Can Health Care Professionals Work During an IDFPR Investigation?


The following are many of the most common questions professionals facing an administrative action ask. This information is provided as a general guideline and does not constitute or replace legal advice. Every case is unique, which is why you should consult an experienced administrative law attorney as soon as you receive any notice from IDFPR.

I received a notice of Complaint from the IDFPR. Does this mean I should stop working?

No. Unless you have received a document ordering you to stop working, you should continue to do your job. It is in your best interest to continue to practice your profession to the best of your ability.

What is an IDFPR notice of Complaint?

An IDFPR notice of Complaint is a letter that notifies you about a complaint that has been filed about you with IDFPR. It signifies the beginning of an investigation to determine whether the Complaint has merit or not.  The Complaint is not a final judgment but rather the beginning of the process. You may be contacted by a lead investigator and asked to provide documentation or other information. You can and should respond to any IDFPR notification letter in an appropriate and timely manner, ideally with the advice of counsel well-versed in IDFPR procedure.

I was fired from my job and have received an IDFPR notice of Complaint. Can I still look for a new job?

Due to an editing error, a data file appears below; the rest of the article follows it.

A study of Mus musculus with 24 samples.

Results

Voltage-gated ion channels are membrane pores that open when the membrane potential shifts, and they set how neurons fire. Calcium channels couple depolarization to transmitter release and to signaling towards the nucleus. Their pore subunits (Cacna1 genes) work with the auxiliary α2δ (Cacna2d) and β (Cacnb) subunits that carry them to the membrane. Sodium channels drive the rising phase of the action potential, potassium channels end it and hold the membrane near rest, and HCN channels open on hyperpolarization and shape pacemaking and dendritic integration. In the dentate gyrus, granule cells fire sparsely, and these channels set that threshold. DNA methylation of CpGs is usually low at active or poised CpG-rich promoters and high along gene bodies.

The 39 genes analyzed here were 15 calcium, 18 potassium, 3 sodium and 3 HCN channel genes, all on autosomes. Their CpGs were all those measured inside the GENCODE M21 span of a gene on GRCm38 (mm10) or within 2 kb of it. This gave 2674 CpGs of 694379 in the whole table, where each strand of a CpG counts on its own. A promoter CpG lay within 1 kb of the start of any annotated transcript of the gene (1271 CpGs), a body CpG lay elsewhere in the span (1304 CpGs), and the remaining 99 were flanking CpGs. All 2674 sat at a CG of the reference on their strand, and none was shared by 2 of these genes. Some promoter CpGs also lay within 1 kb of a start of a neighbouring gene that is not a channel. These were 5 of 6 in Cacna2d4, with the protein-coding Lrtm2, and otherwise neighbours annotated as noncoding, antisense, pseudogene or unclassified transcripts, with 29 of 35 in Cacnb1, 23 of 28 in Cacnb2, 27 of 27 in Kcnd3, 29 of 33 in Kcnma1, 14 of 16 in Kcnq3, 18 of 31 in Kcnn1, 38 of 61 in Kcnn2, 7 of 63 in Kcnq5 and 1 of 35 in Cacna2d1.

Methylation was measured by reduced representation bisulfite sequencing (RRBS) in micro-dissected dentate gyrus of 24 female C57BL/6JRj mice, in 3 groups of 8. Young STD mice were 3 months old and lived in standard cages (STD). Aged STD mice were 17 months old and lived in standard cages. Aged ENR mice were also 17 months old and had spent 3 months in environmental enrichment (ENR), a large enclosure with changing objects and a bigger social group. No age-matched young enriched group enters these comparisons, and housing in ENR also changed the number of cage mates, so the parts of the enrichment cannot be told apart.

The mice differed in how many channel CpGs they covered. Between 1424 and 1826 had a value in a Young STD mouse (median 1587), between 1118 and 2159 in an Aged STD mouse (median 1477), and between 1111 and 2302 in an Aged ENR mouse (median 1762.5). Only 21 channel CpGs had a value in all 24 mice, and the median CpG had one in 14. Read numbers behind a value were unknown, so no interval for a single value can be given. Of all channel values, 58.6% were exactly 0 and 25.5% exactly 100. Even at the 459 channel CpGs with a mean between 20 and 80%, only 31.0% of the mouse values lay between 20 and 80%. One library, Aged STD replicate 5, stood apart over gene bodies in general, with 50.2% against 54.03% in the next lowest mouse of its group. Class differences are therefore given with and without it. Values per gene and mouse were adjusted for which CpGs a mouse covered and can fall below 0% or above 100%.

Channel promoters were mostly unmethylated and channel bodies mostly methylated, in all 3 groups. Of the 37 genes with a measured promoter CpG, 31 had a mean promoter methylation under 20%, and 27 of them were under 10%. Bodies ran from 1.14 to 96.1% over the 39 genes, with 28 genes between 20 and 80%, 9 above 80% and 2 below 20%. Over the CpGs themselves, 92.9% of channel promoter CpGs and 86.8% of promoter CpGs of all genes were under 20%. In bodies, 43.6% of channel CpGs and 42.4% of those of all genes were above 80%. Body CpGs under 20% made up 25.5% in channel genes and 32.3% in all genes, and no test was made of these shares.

Yes. Unless you received a document stating you cannot work, you can look for and accept new employment. Finding new employment during an administrative action can help show the Department that you are a true professional.

Only if you receive an order temporarily or permanently suspending your professional license should you stop working until the matter is resolved. IDFPR typically only issues such orders if they feel someone poses an immediate danger to public safety and welfare.

My notice of Complaint is related to alleged drug and/or alcohol use. Can I seek treatment and still practice?

You may voluntarily seek treatment for drug or alcohol use and continue practicing as long as your employer is aware of and agrees to support your treatment plans. Depending on the severity of the situation, you may need to temporarily refrain from practice until treatment is complete and/or the Complaint against you has been resolved.

An IDFPR investigation resulted in a formal Complaint. Now what?

If you haven’t already, immediately retain an experienced attorney.  An IDFPR complaint must be taken very seriously.  Ignoring the Complaint or failing to respond appropriately could have long-lasting negative consequences for your license and your livelihood.

Jordan Matyas

Jordan Matyas


Jordan received his Juris Doctor from the University of Illinois — Chicago School of Law and is a member of the Illinois Bar Association.